High Fibre Foods You Should Eat

We have all been told that a fibre-rich diet with a variety of whole foods is good for us. But do you know precisely why a high fibre diet is great for health and just how you can increase your daily intake to reap the benefits?

The British Nutrition Foundation states that we should aim for an intake of 30g per day for adults, with statistics showing the current average daily intake of fibre for men is 20.1g and 17.2g for women.1

Fibre can be described as ‘roughage’ produced from plant foods, which aren’t broken down by human enzymes as they pass through our digestive tract.2

Why is Fibre Good for You?

It is commonly known that fibre helps relieve constipation and bulk out stools, however, fibre also has quite an extensive and impressive range of health benefits:

- Increases satiety and the feeling of ‘fullness’ after a meal
- Helps to regulate blood sugar and support weight management3
- Maintains colon health4
- Reduces menopausal and PMS symptoms5
- Lowers cholesterol6
- Reduces the risk of Inflammatory Bowel Disease7

Fibre has also been studied for its preventative effects on colorectal cancer8 and a meta-analysis study shows that an increase of 10g of fibre a day reduced the risk for breast cancer by 4%.9

What’s the Difference Between Soluble and Insoluble Fibre?

Fibre can be classed into two categories: soluble (dissolves in water) or insoluble (doesn’t dissolve in water).

Many foods contain both soluble and insoluble fibre. It is important to get a mix of both types of fibre into your diet to gain the health benefits listed above.

Soluble Fibre

Soluble fibre can be described as viscous, meaning it forms a gel-like consistency when in water. This helps to regulate how quickly food is digested, increases nutrient absorption, and helps to stabilise blood sugar.10

It prolongs gastric emptying which increases the feeling of ‘fullness’ and satisfaction post-meal and can be a great tool to help manage hunger.11

Soluble fibre has even been shown to regulate insulin sensitivity and weight loss in diabetic individuals12 as well as lowering cholesterol levels.13

Insoluble Fibre

The main role of insoluble fibre is to help bulk out stools, reduce constipation by helping to pass solids more easily, and help to reduce bloating and excess gas.14

However, it is important to note that FODMAPS, which are fermentable oligo-, di-, monosaccharides, and polyols are insoluble fibres that draw water to the colon, and in IBS prone individuals, can cause abdominal distention and bacterial fermentation.15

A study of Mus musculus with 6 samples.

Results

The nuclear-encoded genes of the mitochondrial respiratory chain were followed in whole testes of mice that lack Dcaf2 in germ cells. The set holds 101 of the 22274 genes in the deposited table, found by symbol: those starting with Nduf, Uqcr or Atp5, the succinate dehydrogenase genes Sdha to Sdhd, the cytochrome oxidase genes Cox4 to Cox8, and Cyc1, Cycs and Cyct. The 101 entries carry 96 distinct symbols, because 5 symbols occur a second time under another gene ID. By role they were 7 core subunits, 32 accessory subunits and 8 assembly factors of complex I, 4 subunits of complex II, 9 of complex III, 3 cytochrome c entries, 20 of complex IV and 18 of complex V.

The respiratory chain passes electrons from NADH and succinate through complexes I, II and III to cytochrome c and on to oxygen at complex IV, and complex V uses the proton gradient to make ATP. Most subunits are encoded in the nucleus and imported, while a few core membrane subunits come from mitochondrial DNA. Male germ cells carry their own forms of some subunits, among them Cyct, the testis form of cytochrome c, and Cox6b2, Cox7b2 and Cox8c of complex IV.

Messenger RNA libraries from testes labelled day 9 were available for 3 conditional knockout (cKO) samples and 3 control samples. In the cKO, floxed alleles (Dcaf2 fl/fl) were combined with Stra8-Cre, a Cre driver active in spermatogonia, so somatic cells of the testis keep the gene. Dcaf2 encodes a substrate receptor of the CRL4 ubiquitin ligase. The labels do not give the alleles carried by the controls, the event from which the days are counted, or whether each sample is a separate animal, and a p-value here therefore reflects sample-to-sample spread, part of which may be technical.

Why Can Soluble Fibre be Described as Prebiotic?

Prebiotics are essentially food for the micro-organisms living in our gut and have a significant role in populating and impacting the ecology or ‘landscape’ of our microbiota.16

As mentioned, fibre cannot be broken down by human enzymes as it passes through the digestive tract.

Soluble fibre is therefore thought of as prebiotic because it reaches the intestines intact, as food for our gut bacteria to create short-chain fatty acids (SCFAs), which produce many hormones and enzymes used throughout the body and help boost digestive health.17

Inulin, a water-soluble food belonging to the carbohydrate group called fructans, is a particularly plentiful prebiotic source, in which chicory root contains some of the richest sources.18

Fibre-Rich Food Sources

For a list of soluble and insoluble fibre-rich food sources, see the table below. Please note that most sources naturally contain amounts of both types of fibre:


Serving Size (uncooked)

Total Fibre (g)

Insoluble Fibre Foods

Bulks stool,
laxative effect


1 cup


Pine Nuts

1 cup



62g (1/2 a cup)



1 medium baked 



86g (1/2 a cup)



110g (1/2 a cup)



2 tbsp


Soluble Fibre Foods

Slows digestion,
increases satiety 


Psyllium Husks

2 tbsp



1 medium



1 cup





Pinto Beans




½ cup



1 cup



How to Get More Fibre in Your Diet

The key is to focus on filling your plate with a variety of naturally processed whole grains, fruits, and vegetables. These foods contain a range of soluble and insoluble fibres to help increase intake.

Including a daily source of beans and lentils, which are notably high in dietary fibre, will also help you to meet the bulk of your daily requirement.

Another tip to boost daily intake is to add a handful of nuts and seeds to cereal and porridge in the morning along with sprinkling salads with flaxseeds and psyllium husks.

Always choose the wholegrain version when consuming carbohydrate sources such as pasta, rice, and noodles for a fibre-rich alternative.

Related content: How Much Fibre Do We Need To Eat Per Day?